Masks & The Mandalorian
Heroes, villains, and our masked moment
Cover image: Concept art from The Mandalorian
During the pandemic, I’ve been one of many watching Disney’s The Mandalorian. If you’re a nerd like me, you know that sci-fi is a speculative genre: This fiction imagines a high-tech universe whose galactic scope entertains, yes, but also (strangely) illuminates our earthbound experience. Notoriously, The Mandalorian’s hero never removes his helmet. One might even say that he is continually masked. My curiosity was, naturally, piqued. I returned to the original Star Wars series, asking what the use of masks in these films’ might reveal for the current us. As it turns out, the masks of the stormtroopers, Darth Vader, and the Mandalorian—both heroes and villains—play a crucial role in categorizing the human and the inhuman, and further, in revealing our very human vulnerabilities.
The stormtrooper’s helmet is iconic. Though this piece of armour is meant to shield, the Empire soldiers weaponize their masks. They wield them as symbols of the frightening face of evil. When a stormtrooper helmet appears on screen, we shiver. The white curves, black sockets and mouth slits—its design is a twisted, corrupted version of the human face. Perhaps the quintessential enemy costume, the stormtrooper mask defines how we perceive the humanness of the wearers: The bad guys are human enough to be scary, but not so much that we might empathize with them. Even their voices are distorted, masked, rendering the enemy reassuringly inhuman. Further, the erasure of the Imperial soldiers’ humanity happens en masse, and their authoritarian uniformity sends a Cold War-tinged shiver up our spines. As the rows upon rows of white and black unfold on screen, no human face in sight, the stormtroopers marshal in the reign of the Empire and march straight into our enemy category.
On the other hand, we have Darth Vader. For much of the trilogy, his helmet (like the stormtroopers) masks his humanness and instills fear. But this villain doesn’t stay villainous, and the symbolic power of the Sith Lord’s redemption scene at the end of The Return of the Jedi rests in his mask. After killing Emperor Palpatine in order to save his son, Darth Vader is fatally electrocuted and faces death. I don’t think anyone could forget what follows. Luke removes his father’s helmet: Before us, we see a pale, gasping, scarred man. The invulnerable antagonist is made vulnerable—and human. Ironically, Darth Vader’s helmet expresses this same vulnerability. An inhuman mask, as it enables him to continue to breathe, has perpetuated his human life. What was once a symbol of power, control, and fear, is now a reminder of this man’s powerlessness, his lack of control, and his fearfulness of death.
In an ironic twist to the original Star Wars series, The Mandalorian’s villain has a face, and the hero is masked. Following the Way of the Mandalore, the protagonist adheres to a religious creed that prohibits him from removing his helmet in front of another human, representative of his belonging to something greater than himself. His mask carries religious overtones of obedience, submission, even modesty, but most of all, it sets him apart. The shiny armour attracts friends and enemies alike. It makes him a vulnerable target. In this Star Wars universe, choosing to wear a mask is a political choice. But politics aside, watching a masked protagonist is, well, weird. Or at least it should be, because the audience doesn’t have a visible, human face to empathize with. I wonder if the strangeness is mitigated by our current context, where being masked is the norm—and maybe even heroic.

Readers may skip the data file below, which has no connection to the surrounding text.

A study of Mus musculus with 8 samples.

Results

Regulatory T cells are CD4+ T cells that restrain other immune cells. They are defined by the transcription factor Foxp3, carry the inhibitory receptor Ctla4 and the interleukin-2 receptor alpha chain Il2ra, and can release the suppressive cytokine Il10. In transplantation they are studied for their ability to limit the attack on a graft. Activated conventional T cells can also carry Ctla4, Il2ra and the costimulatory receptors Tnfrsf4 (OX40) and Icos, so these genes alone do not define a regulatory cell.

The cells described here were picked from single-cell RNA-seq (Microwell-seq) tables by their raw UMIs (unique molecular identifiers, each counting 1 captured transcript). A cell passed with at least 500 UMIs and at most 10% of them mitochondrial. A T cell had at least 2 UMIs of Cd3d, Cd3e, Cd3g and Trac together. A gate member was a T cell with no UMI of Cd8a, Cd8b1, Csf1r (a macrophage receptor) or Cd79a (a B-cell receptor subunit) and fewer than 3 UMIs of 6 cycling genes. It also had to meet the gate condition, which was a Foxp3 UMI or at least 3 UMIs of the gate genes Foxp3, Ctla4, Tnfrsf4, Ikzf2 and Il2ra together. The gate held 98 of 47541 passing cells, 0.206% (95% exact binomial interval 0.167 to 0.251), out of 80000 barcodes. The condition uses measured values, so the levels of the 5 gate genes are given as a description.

Face coverings—enforced or not—are undoubtedly the face (pun intended) of COVID-19. We look to our masks, whether clinical blue or home-sewn, to shield us from contagion. But can they provide us with more than that? As we face this global pandemic, can we truly find hope or courage in a piece of cloth?
Star Wars points out the significance of mask-wearing—it is a choice that can reveal our political stance or our values. The stormtroopers, in particular, remind us that covering our faces comes with a cost. Masks may grant us a sense of control over our bodily health, but if we wear them to become invulnerable, we are wearing them as the stormtroopers did, as icons of power. When we place our hope in a technology that blurs our humanness, we can’t mourn the loss of connecting with our friends unmasked. We risk forgetting that we wear masks so that one day, we don’t have to.
Darth Vader’s mask-lessness is also not his ultimate cause for hope but points instead to deeper powers: redemption, remembrance of his mortality, and reconciliation with Luke, his son. The Mandalorian’s helmet is another powerful icon, but the creed it symbolizes, his faith in its tenets, and the reputation it lends him as someone whose help you can trust—these are what make him a hero, not his mask. Ironically, the masks of both characters reveal how human relationships are a stronger force for good than the Empire’s legions. We cover our faces for our protection and for the protection of others, but our hope moving forward must be in something deeper.
Masks are instruments for a time we hope is brief. We wear them to obey government rules, relinquishing our freedom for the sake of our vulnerable populations. Masks also acknowledge this strange fact that our bodies can be weapons—enemy agents carrying disease. Every time I feel my breath against the cloth, I am reminded that we are all victims of COVID-19's hijacking. None of us can escape the touch of sickness, suffering, and death. Though I do not see your face, I see a blue fabric reminder of someone vulnerable, just like me.